In a normal year, an abundance of natural foods on the Maine landscape gives black bears plenty to eat, but poses a challenge for hunters.
Simply put, the more berries and nuts, the less likely bears are willing to risk visiting bait and trapping sites placed by hunters.
It turns out that 2021 was not a normal year.
Due in part to the COVID-19 pandemic, more hunters took to the woods again last year. The uptick, spearheaded by nonresident hunters, led to another successful year for bear hunters.
The final numbers are still being calculated, but the 2021 bear harvest rivaled the 3,883 animals taken by all methods of hunting the year before. The 2020 total was the fifth largest harvest since the Department of Inland Fisheries and Wildlife began keeping records in 1969.
Sales of hunting licenses in Maine for all species grew by at least 10 percent during 2021 and at least 3,768 black bears were killed by hunters, according to DIF&W.
“With the pandemic, we’ve seen an increase in hunting effort and there’s a strong correlation between that and the number of bears harvested,” said Jennifer Vashon, the black bear and Canada lynx biologist for DIF&W.
The number of nonresident bear hunting permits rose by almost 10 percent to approximately 5,700 last year, the most since 2005. The number of in-state bear hunters dropped slightly, but still was above the average for the last 13 years.
In 2020, the number of bear hunters in Maine grew to some 12,000, about 20 percent above the annual average of 10,000. Bears are hunted by baiting, dogs and trapping, with a tiny percentage shot during the regular firearms season for deer.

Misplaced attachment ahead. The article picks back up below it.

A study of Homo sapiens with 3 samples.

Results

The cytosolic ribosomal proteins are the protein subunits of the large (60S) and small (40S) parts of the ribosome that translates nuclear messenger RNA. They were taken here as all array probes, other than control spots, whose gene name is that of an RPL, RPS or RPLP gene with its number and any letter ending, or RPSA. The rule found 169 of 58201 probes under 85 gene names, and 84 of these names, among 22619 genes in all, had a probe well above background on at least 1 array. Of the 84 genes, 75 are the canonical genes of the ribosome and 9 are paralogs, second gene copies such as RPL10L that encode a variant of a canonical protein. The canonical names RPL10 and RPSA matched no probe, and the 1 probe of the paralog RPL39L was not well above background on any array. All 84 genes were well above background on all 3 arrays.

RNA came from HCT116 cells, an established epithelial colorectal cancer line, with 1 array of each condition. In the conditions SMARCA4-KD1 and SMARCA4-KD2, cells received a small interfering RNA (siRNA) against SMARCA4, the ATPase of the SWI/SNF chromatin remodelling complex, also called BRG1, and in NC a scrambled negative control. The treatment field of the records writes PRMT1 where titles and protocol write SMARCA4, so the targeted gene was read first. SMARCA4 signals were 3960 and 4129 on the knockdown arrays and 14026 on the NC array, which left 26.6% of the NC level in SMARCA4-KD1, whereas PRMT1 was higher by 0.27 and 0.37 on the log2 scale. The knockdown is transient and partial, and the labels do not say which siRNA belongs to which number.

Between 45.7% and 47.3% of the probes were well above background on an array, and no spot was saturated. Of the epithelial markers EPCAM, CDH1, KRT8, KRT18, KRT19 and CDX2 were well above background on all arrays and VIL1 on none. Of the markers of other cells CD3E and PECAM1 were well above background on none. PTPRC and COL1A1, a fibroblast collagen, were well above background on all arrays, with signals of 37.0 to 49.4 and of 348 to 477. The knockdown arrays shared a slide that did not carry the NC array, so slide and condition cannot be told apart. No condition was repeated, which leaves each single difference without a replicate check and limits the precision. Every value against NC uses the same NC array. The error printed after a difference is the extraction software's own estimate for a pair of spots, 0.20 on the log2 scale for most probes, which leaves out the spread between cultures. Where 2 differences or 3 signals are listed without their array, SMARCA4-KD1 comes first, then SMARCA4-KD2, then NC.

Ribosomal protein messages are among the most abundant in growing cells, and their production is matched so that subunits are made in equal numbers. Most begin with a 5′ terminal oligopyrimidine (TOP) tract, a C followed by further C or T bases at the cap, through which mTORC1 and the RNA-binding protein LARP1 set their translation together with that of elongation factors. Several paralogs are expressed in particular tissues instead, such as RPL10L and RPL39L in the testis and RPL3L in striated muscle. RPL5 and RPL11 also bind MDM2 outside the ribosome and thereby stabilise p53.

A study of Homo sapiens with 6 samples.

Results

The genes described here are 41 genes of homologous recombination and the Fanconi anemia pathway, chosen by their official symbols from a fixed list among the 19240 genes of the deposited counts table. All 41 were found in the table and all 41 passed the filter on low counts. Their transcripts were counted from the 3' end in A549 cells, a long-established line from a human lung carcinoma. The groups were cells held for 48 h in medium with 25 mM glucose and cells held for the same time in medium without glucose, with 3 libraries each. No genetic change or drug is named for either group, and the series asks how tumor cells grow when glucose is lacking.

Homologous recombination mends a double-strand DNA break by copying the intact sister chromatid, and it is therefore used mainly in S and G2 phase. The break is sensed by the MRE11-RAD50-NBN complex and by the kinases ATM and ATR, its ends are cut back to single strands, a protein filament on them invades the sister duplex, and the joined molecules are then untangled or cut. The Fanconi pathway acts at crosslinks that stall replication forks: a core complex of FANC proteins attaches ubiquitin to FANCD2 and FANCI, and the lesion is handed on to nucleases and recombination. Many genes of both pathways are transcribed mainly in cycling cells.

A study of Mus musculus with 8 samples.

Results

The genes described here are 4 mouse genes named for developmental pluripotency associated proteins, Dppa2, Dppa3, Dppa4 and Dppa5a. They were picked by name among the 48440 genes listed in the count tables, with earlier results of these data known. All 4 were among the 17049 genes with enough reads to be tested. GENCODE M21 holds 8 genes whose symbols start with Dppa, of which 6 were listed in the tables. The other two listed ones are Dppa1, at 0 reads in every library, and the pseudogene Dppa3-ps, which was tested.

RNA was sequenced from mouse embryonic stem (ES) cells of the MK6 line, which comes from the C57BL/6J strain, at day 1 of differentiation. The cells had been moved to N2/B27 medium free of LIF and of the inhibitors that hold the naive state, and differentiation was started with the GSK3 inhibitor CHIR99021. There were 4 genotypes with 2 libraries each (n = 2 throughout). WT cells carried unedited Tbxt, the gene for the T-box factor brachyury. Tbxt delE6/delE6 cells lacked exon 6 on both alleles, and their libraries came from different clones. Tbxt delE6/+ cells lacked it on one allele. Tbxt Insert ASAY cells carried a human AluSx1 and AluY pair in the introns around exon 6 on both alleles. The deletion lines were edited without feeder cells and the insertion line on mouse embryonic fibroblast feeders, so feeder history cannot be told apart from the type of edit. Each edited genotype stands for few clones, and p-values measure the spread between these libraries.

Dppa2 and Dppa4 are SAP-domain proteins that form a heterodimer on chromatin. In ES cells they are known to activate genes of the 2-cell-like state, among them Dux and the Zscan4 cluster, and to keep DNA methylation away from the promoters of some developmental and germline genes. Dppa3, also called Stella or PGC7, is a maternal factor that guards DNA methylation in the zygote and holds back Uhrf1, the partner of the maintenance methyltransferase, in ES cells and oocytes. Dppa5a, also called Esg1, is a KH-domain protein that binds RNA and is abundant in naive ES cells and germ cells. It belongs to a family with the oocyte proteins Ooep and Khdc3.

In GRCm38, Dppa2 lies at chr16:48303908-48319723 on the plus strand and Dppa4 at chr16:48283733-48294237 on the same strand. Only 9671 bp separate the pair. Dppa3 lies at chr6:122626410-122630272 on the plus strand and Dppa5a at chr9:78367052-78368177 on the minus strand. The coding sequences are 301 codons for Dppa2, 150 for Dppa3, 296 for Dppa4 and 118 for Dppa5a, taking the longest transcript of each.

Because the Canadian border has been closed for the last two spring bear hunting seasons there — Maine does not offer a spring season — some folks adjusted their plans and came to Maine for the summer/fall hunt, Vashon said.
It’s unclear whether the changes forced by the pandemic may be the norm.
“It’ll be interesting to see what 2022 brings, if we continue to see increased interest in hunting in Maine,” Vashon said.
Non-residents have been more successful bear hunters because they typically hire guides and spend up to a week in the stand. In-state hunters are less likely to enlist the services of a guide or take as much time to hunt.
Vashon said the 2021 harvest falls in line with DIF&W’s management plan for black bears. The success came on the heels of a 2020 campaign in which 3,883 bears were taken amid a poor year for natural food availability. That’s more in line with usual harvest numbers.
DIF&W biologists and crews are in the field this week doing annual den visits at sites in northern, central and eastern Maine. Those investigations involve checking the health of the hibernating bears, determining year-to-year survival, and counting yearling cubs and litter sizes.
Plentiful food during 2021 should mean bears are healthier than a year ago, when they went into their dens stressed or weakened by reduced access to natural food.
“When we go to the den, we look at the weight and body condition of our bears and that also is an indicator of natural food levels,” Vashon said. “Those first couple of years of life are the toughest on any animal, including black bears, in the wild.”
Biologists also fit some female bears with GPS collars, enabling them to track their activity and mortality. However, precautions taken because of the pandemic have hampered DIF&W’s ability to do spring trapping and collaring each of the last two years.